Nine times out of ten, when I tell someone I’m writing a film script, they instantly ask: “What’s it about?” This question has become the bane of my existence as a filmmaker. No one ever asks, “Who’s it about?”
Most people are conditioned to think that movies are primarily stories. At a recent party, I suggested that a film can be something other than a story. Aghast, a visual effects editor shot up in his seat and challenged, “What else would it be?”
When one crafts a “story,” the most important element is it’s plot, i.e., a sequence of events with a beginning, middle and an end. And to make it entertaining, which is often the point, there needs to be conflict with twists and turns along the way. Inevitably, other elements simply become a device utilized for the story. Characters become no different from the cars they drive or the music they listen to. They are mainly there to propel the plot forward and make it interesting.
In the audio commentary of a critically acclaimed American film, the writer/director blatantly admits that he killed off a character because he needed a “device” to move the story forward. I can’t begin to express the disgust and anger I felt by that comment. Humans are sacred, whether in flesh or in fiction. To kill one off for the sake of story is murder, plain and simple.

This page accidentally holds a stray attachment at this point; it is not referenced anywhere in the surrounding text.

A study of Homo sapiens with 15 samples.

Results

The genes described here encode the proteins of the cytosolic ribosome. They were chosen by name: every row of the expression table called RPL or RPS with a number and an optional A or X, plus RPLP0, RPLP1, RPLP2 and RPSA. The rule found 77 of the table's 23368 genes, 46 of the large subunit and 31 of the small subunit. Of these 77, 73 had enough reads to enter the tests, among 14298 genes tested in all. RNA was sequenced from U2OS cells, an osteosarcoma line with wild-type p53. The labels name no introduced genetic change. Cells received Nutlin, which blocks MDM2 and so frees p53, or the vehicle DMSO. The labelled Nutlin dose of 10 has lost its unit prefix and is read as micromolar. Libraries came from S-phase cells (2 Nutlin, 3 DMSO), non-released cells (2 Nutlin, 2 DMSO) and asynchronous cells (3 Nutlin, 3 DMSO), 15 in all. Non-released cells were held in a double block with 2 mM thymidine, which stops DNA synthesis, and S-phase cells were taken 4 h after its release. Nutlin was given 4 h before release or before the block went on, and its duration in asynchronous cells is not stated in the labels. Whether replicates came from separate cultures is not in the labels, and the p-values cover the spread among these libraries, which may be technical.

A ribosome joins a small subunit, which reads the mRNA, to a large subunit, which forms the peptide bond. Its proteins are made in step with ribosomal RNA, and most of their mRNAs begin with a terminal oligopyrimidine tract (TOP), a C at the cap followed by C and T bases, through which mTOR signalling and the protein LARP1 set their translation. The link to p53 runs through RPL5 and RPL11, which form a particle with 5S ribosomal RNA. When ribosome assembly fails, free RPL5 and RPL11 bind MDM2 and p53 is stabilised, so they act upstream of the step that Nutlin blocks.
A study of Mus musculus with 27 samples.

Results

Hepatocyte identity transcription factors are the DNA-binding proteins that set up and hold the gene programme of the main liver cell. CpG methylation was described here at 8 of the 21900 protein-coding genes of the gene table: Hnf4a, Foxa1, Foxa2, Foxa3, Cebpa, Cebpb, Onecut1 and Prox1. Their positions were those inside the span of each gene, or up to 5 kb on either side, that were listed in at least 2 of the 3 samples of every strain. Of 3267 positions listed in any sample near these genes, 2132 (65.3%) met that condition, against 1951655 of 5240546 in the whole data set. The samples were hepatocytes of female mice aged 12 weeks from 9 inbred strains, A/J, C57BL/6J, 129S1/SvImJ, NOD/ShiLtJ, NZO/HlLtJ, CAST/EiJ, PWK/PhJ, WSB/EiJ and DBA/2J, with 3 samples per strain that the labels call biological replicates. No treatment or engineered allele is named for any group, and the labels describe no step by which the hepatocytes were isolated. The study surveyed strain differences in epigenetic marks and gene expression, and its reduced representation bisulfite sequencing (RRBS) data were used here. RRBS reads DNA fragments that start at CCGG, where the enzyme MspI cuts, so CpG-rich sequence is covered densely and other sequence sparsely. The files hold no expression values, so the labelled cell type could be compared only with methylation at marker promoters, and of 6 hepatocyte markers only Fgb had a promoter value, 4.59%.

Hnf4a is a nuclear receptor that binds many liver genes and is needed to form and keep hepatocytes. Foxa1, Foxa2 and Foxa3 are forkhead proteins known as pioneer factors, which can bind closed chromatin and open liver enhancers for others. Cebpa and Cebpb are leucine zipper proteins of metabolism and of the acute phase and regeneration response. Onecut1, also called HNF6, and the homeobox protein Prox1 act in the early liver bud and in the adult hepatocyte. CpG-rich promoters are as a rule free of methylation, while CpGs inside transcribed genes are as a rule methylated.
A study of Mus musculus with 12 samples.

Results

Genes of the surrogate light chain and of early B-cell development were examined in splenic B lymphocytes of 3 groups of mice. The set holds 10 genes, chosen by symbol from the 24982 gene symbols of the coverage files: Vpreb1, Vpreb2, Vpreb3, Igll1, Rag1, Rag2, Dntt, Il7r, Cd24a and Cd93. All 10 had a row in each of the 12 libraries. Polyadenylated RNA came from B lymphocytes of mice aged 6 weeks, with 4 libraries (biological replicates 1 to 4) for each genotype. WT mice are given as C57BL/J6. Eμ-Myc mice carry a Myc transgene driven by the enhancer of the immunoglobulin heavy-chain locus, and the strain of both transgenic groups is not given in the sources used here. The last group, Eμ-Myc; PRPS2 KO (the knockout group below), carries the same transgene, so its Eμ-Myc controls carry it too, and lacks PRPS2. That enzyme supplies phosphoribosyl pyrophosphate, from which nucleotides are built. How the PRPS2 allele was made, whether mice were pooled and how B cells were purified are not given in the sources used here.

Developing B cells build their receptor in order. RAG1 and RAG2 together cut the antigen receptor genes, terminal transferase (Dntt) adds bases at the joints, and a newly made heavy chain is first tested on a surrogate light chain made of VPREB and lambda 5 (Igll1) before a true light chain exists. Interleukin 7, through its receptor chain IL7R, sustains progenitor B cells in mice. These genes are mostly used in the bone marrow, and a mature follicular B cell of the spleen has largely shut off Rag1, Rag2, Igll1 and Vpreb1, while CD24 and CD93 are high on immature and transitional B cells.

My approach is entirely different. I often begin with a human being in a particular situation. I then brainstorm who they are and what their situation is. My primary goal is to explore this person, rather than concoct a story. Writing in a stream of consciousness way, I meditate on the person, allowing them to determine what they do or not do. This organically leads to more circumstances and more characters. It is the character, the living being, who paves their own way, not me.
As a filmmaker, John Cassavetes is a great inspiration to me. His first film, Shadows (1959), was groundbreaking in both content and methodology. He states:
An excerpt from Cassavetes on Cassavetes (2001) by Ray Carney
Here’s a rare clip of John Cassavetes in a television interview. He begins by talking about his film Opening Night (1977), which follows the life of a stage actress. After a couple minutes, he gets fired up and rants about movies and Hollywood. There is text in the middle of the screen, but it’s worth watching!